Friday, September 2, 2011

Help Wanted!

We thought the employment numbers may come in below expectations, but a big fat zero for non-farm payroll (NFP) employment was a surprise. Given Bernanke's promise, we didn't think the market would react this negatively if the NFP figure was non-negative, but then again, a zero is nothing to write home about. We note that the bad news was made worse as the NFP numbers for June and July were revised down significantly. June's figure went down to 20K net jobs added from 46K, and July was revised down to 85K from 117K. This may help further explain the market's early reaction to the job numbers.

Most private NFP figures were either unchanged or increased in August, resulting in a net 17K for the month. Manufacturing declined slightly by 3K, while information technology dropped by 48K, of which 45K was due to the VZ strike. However, even if we add the VZ number to private NFP, the resulting 62K would still be well below the 100K Street consensus.

Government NFP declined 17K, slightly less than the 25K estimate.

We also noticed somewhat of a bad combination - lower average workweek for private NFP employees and only a 1.9% increase in average hourly earnings during the last 12 months. Lower workweek indicates lower demand for production and/or services. In addition, the hourly earnings growth trails the 12-month inflation which is above 2% currently. These two basically are not very good news for the job market and overall consumption.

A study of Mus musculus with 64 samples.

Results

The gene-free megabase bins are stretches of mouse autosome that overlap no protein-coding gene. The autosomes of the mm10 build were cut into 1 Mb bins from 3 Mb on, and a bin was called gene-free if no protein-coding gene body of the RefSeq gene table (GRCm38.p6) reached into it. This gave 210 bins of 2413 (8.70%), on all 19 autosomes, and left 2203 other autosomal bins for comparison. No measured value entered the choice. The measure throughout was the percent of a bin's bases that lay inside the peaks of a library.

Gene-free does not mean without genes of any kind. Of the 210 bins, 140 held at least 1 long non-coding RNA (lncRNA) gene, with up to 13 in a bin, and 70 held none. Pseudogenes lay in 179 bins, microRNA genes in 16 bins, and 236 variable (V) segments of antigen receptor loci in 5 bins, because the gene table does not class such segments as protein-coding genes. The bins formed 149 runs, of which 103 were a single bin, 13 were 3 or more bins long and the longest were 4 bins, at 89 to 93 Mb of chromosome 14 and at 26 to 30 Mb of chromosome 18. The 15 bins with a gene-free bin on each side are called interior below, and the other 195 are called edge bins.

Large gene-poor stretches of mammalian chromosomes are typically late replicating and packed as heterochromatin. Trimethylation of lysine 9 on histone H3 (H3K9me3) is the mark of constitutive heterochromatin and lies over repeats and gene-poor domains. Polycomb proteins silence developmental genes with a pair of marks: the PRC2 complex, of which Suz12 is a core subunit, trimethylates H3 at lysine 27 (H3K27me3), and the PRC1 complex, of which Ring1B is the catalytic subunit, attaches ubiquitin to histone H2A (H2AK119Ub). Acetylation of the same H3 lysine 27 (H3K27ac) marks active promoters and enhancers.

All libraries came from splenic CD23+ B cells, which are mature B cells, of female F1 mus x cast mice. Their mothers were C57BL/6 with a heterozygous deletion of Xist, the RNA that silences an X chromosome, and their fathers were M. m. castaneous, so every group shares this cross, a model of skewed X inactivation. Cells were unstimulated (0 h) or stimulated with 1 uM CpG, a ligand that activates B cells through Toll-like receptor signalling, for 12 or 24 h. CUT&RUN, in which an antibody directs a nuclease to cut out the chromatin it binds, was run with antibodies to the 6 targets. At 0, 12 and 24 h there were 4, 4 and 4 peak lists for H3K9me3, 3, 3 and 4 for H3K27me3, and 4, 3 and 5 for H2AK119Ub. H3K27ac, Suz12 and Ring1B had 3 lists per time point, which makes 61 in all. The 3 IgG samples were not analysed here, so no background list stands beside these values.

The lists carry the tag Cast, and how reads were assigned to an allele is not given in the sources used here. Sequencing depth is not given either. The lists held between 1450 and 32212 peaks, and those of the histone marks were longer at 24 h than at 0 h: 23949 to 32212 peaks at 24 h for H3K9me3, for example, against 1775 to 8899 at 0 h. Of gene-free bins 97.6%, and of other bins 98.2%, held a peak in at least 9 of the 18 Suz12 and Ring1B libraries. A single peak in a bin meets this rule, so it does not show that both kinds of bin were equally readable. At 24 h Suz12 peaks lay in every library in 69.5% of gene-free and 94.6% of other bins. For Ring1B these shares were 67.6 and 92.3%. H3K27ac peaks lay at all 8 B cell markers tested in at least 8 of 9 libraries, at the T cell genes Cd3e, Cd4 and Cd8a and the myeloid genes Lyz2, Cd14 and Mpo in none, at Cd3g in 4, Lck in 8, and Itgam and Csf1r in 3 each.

In terms of the market, after crossing 1,200 and reaching around 1,220 earlier this week, given what seems to be a pull-back today, 1,250 for S&P 500 doesn't appear realistic.  The next support level is around 1,175 - 1,180.  If the market goes below that level, with Bernanke's promise, we're not sure if it will really test the YTD lows of 1,115 - 1,120 from now until end of Sept.  Then again, as mentioned before, because QE2 did not stimulate the economy, doubts regarding effectiveness of QE3 may override a possible short-term boost it may give to the equity market. 

Lastly, we thought to comment on a recent report that President Obama "pulled back proposed new national smog standards".  He basically told the EPA ... you-know-what.  This is surprising given Obama's image as a liberal.  Then again, he is a politician and the elections are ONLY about 14 months away.  We don't have an opinion on the right or left, or on the smog standards and/or their impacts on the economy, government spending, etc.  However, we must say that politicians of all kinds (with maybe one or two exceptions) will do or say anything to get elected.  Of course, everyone already knows this.


  1. does the "one or two exceptions" refer to Ron Paul??

  2. Good point! He is one of them, but you also got Bernie Sanders of Vermont, and even Ohio's Dennis Kucinich. Whether you agree with any of them is another question ... the main thing is that they've been more consistent in what they stand for and propose less election-driven ideas. Have a good weekend! LABOR DAY!